Babies are more likely to develop allergies if there's a history of eczema, asthma, hay fever or food allergies (known together as 'atopy') in the family.
In a few cases, foods can cause a very severe reaction (anaphylaxis) that can be life-threatening. If you think your child is having an allergic reaction to a food, seek medical advice urgently as symptoms can worsen rapidly. If breathing is affected, give the person their adrenaline autoinjector then call triple zero (000) and ask for an ambulance.
Introducing allergy foods
It's recommended that when your infant is ready, at around 6 months (but not before 4 months), introduce a variety of solid foods, starting with iron-rich foods, while continuing breastfeeding. Hydrolysed (partially and extensively) infant formula is not recommended for the prevention of allergies.
When you start introducing solids, introduce the foods that commonly cause allergies one at a time so that you can spot any reactions. Don’t delay introducing a food just because it’s considered a common allergy food. These foods include: milk, eggs, wheat, nuts, seeds, fish and shellfish. However, don't introduce any of these foods before 6 months.
There is evidence that infants should be given solid allergy foods including peanut butter, cooked egg and dairy and wheat products in the first year of life. This includes infants at high risk of allergy.
Don’t be tempted to experiment by cutting out a major food, such as milk, as this could lead to your child not getting the nutrients they need. Talk to your doctor, who may refer you to a registered dietitian.
Your child has a higher risk of developing a peanut allergy if they already have a known allergy (such as eczema or a diagnosed food allergy), or there's a history of allergy in their immediate family (such as asthma, eczema or hay fever).
There is evidence that having peanuts regularly before 12 months can reduce the risk of developing peanut allergy. If your child already has an egg allergy, another food allergy or severe eczema, talk to your doctor before you give peanuts or food containing peanuts to your child for the first time.
If you would like to eat peanuts or foods containing peanuts (such as peanut butter) while breastfeeding, you can do so unless you're allergic to them or your health professional advises you not to.
Avoid giving your child peanuts and foods containing peanuts before the age of 6 months. Foods containing peanuts include peanut butter, peanut (groundnut) oil and some snacks. Small children are at a higher risk of choking on small objects, so avoid giving whole peanuts or nuts to children aged under 5.
Read food labels carefully and avoid foods if you're not sure whether they contain peanuts.
Food contains additives for a variety of reasons, such as to preserve it, to help make it safe to eat for longer and to give colour or texture.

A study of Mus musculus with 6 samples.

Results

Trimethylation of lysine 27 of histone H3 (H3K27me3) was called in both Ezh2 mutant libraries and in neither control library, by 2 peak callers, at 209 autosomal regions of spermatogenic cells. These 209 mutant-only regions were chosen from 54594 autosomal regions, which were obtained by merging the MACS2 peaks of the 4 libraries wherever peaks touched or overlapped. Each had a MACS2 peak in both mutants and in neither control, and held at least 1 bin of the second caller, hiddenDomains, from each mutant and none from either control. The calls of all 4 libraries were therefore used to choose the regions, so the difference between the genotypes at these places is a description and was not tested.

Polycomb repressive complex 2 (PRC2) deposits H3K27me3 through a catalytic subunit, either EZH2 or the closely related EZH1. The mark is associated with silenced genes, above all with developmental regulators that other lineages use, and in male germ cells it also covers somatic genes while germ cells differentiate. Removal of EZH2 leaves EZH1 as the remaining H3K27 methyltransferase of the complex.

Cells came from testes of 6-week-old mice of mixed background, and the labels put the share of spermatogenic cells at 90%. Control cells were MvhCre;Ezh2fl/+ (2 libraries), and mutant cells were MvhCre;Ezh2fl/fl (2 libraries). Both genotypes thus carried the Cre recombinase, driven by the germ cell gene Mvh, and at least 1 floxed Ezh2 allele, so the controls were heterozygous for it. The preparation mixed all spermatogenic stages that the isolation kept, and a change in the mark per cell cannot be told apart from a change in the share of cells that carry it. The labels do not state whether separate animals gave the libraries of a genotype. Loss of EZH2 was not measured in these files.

All food additives go through rigorous assessments for safety before they can be used. Food labelling must clearly show additives in the list of ingredients, including their name or number and their function, such as 'colouring' or 'preservative'.
A few people have adverse reactions to some food additives, but this is not a food allergy, it is a food intolerance. This means the reaction does not involve the body’s immune system. Symptoms of a food intolerance include headaches, bloating or mouth ulcers. These are likely to come on more slowly than the symptoms of a food allergy.
How will I know if my child has a food allergy?
Signs and symptoms of an allergic reaction can include:
- wheezing and shortness of breath
- itchy throat and tongue
- rash or itchy skin
- swollen lips and throat
- runny or blocked nose
- sore, red and itchy eyes
A severe allergic reaction is called anaphylaxis. This is very serious and can be fatal.
Symptoms of anaphylaxis may include:
- difficult or noisy breathing
- difficulty talking and/or hoarse voice
- a swollen tongue
- persistent dizziness or collapse
- swelling or tightness in the throat
- pale and floppy (young children)
- wheeze or persistent cough
- abdominal pain or vomiting
How are food allergies in children managed?
If you think your child has a food allergy, see your doctor. They will probably do a skin test or order a blood test to help identify what your child is allergic to.
Food allergy should be managed under the guidance of a clinical immunologist or allergy specialist. In most cases, your child must avoid the food they are allergic to. This means carefully reading food labels, taking care when eating out and avoiding cross contamination when preparing food. A doctor or dietitian should advise you to make sure your child is getting all the nutrients they need.
Your child or their carer should carry an adrenaline autoinjector and ASCIA Action Plan for Anaphylaxis with them at all times and know what to do when a reaction occurs.
For more information on food allergies, including setting up a personal action plan, go to www.allergy.org.au.
Most children outgrow food allergies in time. Peanut, tree nut, seed and seafood allergies are less likely to be outgrown your child may be allergic their whole life.
The Australasian Society of Clinical Immunology and Allergy (ASCIA) recommends talking to your doctor or specialist about the specific testing available for a food allergy. ASCIA also recommends that immunotherapy for allergy foods should not yet be used for routine treatment of food allergy, although there is ongoing research in this area. For further information about ASCIA's recommendations, visit the Choosing Wisely Australia website.